London Poker Circuit Review
An Online Player Goes Offline for a Day
Picture the scene: you draw the curtains and a blinding shaft of light nails you straight between the eyes. You don some distinctly adequate clothes, turn off the computer for the first time in months and mooch wearily towards the front door. It’s an ungodly 11 am and you’re an online whiz kid (ok, semi competent online player) about to make your first foray into the world of live poker. To say I was nervous would have been stretching the truth but I did set off on the train to London with a certain degree of trepidation; “this could be my time to shine” I quietly thought to myself. Thanks to the very gracious people at The Hendon Mob I’d been given a free ride to go and play the London Poker Circuit deepstack event at the Kensington Close Hotel. The tournament was scheduled to begin at 3.30 pm and all I needed to do was turn up, give my name and be directed, firstly to my complimentary hotel room, then to the tournament registration area. So far, so good, everything was going without a hitch.
After dealing with these minor details I decided to head to the bar and purchase a beverage. Now, I know alcohol when consumed in small amounts is a suppressant so in order to quell the nerves I decided to buy myself a pint (cue the minor heart attack over the price). By now I was nicely lubricated and ready to get down to serious poker action.
This LPC event was a £50+5 tournament with one optional rebuy and add-on (which the Hendon Mob had kindly paid for me). The starting stacks were 5000 chips and the blinds started at 25-25. Half hour blinds meant I’d have to play 3X slower than normal and I prayed that the first few hands would be easy folds. Thankfully, my wishes came true and for the first level I barely flicked a chip into the pot, unlike many of my over zealous tablemates. My internal HUD told me one player’s VPIP must have been at least 80% so I’d managed to find the fish at the table (for a while I thought it may have been me). A few raises to punisher limpers and continuation bets later and my starting stack of 5K was looking slightly healthier at 6.5K.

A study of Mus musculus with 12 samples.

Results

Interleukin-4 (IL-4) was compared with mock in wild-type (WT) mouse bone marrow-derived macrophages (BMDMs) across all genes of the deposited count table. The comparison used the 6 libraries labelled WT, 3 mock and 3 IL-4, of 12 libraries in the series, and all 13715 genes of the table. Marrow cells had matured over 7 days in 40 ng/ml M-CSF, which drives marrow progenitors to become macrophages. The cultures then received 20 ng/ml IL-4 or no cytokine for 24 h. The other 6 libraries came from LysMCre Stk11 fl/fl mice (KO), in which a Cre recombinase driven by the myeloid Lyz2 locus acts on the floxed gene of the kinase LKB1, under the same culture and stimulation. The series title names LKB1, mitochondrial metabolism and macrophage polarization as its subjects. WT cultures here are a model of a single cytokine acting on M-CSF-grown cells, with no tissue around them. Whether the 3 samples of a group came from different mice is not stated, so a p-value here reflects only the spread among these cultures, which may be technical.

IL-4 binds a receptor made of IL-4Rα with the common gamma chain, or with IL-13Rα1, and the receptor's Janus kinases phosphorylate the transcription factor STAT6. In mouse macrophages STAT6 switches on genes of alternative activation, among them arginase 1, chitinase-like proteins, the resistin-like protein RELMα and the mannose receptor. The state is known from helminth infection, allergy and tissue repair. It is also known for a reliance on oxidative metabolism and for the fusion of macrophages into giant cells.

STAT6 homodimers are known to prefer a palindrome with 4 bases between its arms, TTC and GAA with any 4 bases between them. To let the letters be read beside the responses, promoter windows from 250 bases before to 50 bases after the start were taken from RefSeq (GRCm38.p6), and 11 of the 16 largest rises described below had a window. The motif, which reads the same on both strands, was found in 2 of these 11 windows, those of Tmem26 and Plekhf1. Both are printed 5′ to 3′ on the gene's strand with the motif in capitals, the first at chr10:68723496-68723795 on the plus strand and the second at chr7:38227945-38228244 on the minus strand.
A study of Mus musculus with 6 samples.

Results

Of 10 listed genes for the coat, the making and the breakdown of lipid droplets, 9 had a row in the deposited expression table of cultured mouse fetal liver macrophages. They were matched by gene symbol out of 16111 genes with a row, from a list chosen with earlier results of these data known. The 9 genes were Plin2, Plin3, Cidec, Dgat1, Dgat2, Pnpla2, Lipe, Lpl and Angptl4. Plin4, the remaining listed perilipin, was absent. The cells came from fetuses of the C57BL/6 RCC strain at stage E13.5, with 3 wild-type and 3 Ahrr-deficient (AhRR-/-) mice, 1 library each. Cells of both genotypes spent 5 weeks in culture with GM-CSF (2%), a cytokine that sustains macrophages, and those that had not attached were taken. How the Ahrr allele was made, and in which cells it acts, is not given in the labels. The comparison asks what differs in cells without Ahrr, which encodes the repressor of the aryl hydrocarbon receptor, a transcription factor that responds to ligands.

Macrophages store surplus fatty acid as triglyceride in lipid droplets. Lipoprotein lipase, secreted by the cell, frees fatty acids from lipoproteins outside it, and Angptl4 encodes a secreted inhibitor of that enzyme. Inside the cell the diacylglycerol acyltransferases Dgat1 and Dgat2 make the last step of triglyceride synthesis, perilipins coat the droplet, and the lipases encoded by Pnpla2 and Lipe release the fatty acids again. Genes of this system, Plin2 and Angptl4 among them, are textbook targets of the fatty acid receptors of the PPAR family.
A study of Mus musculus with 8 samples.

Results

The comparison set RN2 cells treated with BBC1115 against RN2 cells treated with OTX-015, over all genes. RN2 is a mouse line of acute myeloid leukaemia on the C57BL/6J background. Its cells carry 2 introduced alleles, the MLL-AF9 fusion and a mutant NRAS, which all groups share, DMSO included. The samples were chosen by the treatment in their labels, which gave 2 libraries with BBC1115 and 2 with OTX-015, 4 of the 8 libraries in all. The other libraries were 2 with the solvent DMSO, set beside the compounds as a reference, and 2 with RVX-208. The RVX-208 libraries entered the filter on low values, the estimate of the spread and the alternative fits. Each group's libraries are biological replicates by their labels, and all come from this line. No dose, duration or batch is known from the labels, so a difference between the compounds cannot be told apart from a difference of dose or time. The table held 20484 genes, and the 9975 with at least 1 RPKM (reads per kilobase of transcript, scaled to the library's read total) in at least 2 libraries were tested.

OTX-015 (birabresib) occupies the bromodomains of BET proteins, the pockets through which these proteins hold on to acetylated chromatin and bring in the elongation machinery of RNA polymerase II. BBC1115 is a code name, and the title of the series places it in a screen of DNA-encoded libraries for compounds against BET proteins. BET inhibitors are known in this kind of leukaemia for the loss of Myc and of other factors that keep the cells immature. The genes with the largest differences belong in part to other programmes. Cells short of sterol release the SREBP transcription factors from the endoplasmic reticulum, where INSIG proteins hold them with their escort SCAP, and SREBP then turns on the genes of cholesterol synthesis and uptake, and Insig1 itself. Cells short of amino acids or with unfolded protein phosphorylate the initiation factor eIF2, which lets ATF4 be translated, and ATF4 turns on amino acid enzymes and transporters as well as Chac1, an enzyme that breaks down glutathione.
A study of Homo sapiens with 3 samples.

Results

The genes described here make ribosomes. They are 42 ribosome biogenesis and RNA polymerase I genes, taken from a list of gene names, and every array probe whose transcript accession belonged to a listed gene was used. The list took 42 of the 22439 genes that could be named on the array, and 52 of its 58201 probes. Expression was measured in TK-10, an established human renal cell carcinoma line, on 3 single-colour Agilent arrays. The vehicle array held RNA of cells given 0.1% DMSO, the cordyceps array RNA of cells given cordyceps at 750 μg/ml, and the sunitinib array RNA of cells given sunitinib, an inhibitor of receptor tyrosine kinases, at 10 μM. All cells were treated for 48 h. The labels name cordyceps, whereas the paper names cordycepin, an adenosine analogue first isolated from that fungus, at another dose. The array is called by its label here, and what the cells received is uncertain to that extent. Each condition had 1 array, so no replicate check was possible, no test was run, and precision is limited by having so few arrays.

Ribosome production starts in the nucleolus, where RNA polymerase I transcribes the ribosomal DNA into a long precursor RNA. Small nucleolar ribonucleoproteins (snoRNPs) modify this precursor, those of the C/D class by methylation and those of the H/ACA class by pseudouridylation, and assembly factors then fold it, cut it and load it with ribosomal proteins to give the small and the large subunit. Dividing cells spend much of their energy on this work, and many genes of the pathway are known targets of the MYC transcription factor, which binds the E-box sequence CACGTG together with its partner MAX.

By now I was starting to feel more comfortable at the table and I even decided to engage in some elementary table banter; Daniel Negreanu I wasn’t. Maybe I started to feel too comfortable, or maybe I was just playing terribly, but I made some donkey plays and managed to trim my stack down to a much leaner 3.5K. With the end of the rebuy period approaching I was counting on the add-on the bolster my stack until my first big pot emerged.
Everyone limps, I’m in the BB with 5-7 and there were 600 chips in the pot. The flop runs out (from memory) 5 – 3 – A and I check, as do the whole table. The turn is 7 and I bet out 400. The guy in first position calls and the rest of the table fold. The river is a 6 and I decide the best way to play my hand is to check call. My opponent duly bets out 1600, I call and he tables 8-6. Bingo.
We came back from the break and I’m sitting relatively comfortably with about 30 big blinds then, wait for it, I suffer a bad beat. Surprise, surprise. I’m in the BB again, this time with K-K and the player in first position raises to 2100. Everyone folds and it’s up to me to act. I know this guy will bet whatever flop comes down and will raise some rubbish hands so I put in the extra 1500 chips to call (blinds were 300/600). 4500 in the pot and a tasty looking flop of 6, 8, 3. My plan was to check raise almost every flop so I tap the table and my friend insta-shoves his for 12,300. After squinting in disbelief I quickly call. He tables 6-9 and I’m looking good to take down 30K pot. As is common in spots where someone insta-shoves 3X the pot with second pair he catches a 9 on the turn and I’m crippled with only 3 BBs left. Nice. From then on I managed to ride my luck for a few hands before finally busting out 15minutes before the end of day one when my A-K couldn’t outrun 7-7.
Despite not cashing the LPC has defiantly given me the bug for live poker. The dealers were excellent and made sure that the games ran as smoothly and quickly as possible. Having never ventured further than my computer desk to play poker it was great to see so many affable people who were all out to have a good time. Any nerves I had about counting chips, knowing when it was my turn to act or infringing any rules were quickly quashed by the LPC’s excellent staff.
Am I biased? Possibly. I paid nothing for my entry (thanks again to The Hendon Mob) and everything went as smoothly as possible. However, it’s hard to criticise a £50 deepstack tournament that was run like a £1K event. The LPC was a little gem in the poker world and the circuit needs more live tournaments like these. Not every player has the funds to play £500 events every month and if there were more affordable, well run tournaments like this there would be more people swapping the virtual felt for the some real poker action. Although the LPC has past I hope other similar events like this spring up across the country and help open up the live circuit to more and more players.